EdgeCast Takes the Carrier Plunge

January 9th, 2012 by · 2 Comments

In its quest to put a real dent in Akamai’s dominance of the CDN space, EdgeCast Networks (news) [a subsidiary of Verizon (NYSE:VZ, news, filings)] has spent much of its effort in the past two years figuring out how best to work with carriers.  Today those efforts culminated in the formal launch of their licensed CDN program and the transfer of control  to a tier 1 US carrier of a fully functional CDN they built based on it.

While that US-based carrier was unnamed, we can speculate that it is the same one that has been said to be working with them for some time now:  AT&T (NYSE:T, news, filings). Last winter, we heard that AT&T had shifted gears and chosen not to roll its own. A 12-month phased adoption project as described by EdgeCast resulting in the acceptance and transferred conrol announced today matches up well with the timing of those rumors.  Just what AT&T will do with the CDN now that it is in place will be very interesting to watch as 2012 unfolds.

Pan-Pacific operator Pacnet also jumped in with both feet back in September, licensing EdgeCast’s solution to deploy a CDN without having to re-invent the wheel. It’s too early to tell how they’re doing with it in the market, but one can argue that Pacnet’s need for a CDN is as great as anyones if not the greatest. Nearly all its intercity links are undersea, and such bandwidth in the Pacific may be getting cheaper but it’s still expensive relative to the Atlantic and that shifts the economics in favor of CDN.

The next step is federation of course. With their own CDN and that of their customers based on the same underlying technology, they will be working to enable all their customers CDNs to cooperate. That has the potential to solve the problem network operators face in figuring out how to scale a CDN that requires investment outside of the network footprint it is trying to leverage.   EdgeCast will surely be targeting the many carriers that dipped their toes in the CDN pool a few years ago but have mostly stayed on the sidelines since.  If federation technology is mature enough, there’s a network effect there that could help their licensed CDN effort start to snowball.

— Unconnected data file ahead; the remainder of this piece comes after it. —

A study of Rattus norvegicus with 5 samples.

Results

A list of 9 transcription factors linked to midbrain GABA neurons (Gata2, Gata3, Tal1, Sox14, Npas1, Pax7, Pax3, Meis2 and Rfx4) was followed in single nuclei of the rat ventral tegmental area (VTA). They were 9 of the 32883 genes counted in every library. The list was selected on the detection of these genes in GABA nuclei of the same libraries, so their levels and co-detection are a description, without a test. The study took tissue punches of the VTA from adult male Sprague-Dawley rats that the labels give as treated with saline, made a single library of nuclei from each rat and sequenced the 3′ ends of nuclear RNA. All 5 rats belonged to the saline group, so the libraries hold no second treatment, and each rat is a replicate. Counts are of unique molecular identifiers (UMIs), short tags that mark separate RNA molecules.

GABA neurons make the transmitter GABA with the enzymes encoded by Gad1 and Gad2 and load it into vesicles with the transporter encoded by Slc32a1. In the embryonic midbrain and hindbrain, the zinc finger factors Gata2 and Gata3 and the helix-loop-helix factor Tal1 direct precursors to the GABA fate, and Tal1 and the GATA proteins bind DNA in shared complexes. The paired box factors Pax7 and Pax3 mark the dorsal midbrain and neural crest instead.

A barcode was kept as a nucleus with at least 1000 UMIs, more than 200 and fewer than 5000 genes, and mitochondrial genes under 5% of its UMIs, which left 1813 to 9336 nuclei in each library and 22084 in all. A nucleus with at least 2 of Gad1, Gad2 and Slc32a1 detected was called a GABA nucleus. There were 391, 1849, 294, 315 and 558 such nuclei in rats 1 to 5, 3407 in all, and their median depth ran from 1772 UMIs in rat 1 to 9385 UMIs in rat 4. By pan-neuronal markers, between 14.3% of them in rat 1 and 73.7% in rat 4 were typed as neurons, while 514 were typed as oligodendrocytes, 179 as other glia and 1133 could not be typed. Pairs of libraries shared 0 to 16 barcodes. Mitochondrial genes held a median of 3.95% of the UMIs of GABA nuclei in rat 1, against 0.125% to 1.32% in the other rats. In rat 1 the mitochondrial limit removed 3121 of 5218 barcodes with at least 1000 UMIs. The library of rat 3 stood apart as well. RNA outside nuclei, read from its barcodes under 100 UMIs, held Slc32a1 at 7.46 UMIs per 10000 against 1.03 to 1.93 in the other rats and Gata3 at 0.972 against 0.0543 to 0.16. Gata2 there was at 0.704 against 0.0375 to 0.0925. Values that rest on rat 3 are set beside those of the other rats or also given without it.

2012 is shaping up to be a very interesting year in the CDN space. Consider all the data points: Akamai is on the move inorganically again as it migrates up the food chain, Level 3 is pushing hard for revenue growth in the more traditional CDN business, LimeLight is still making up its mind, EdgeCast is now powering several big carriers, and KDDI has big plans for CDNetworks.  There are lots of moving parts right now – pretty much all of them actually.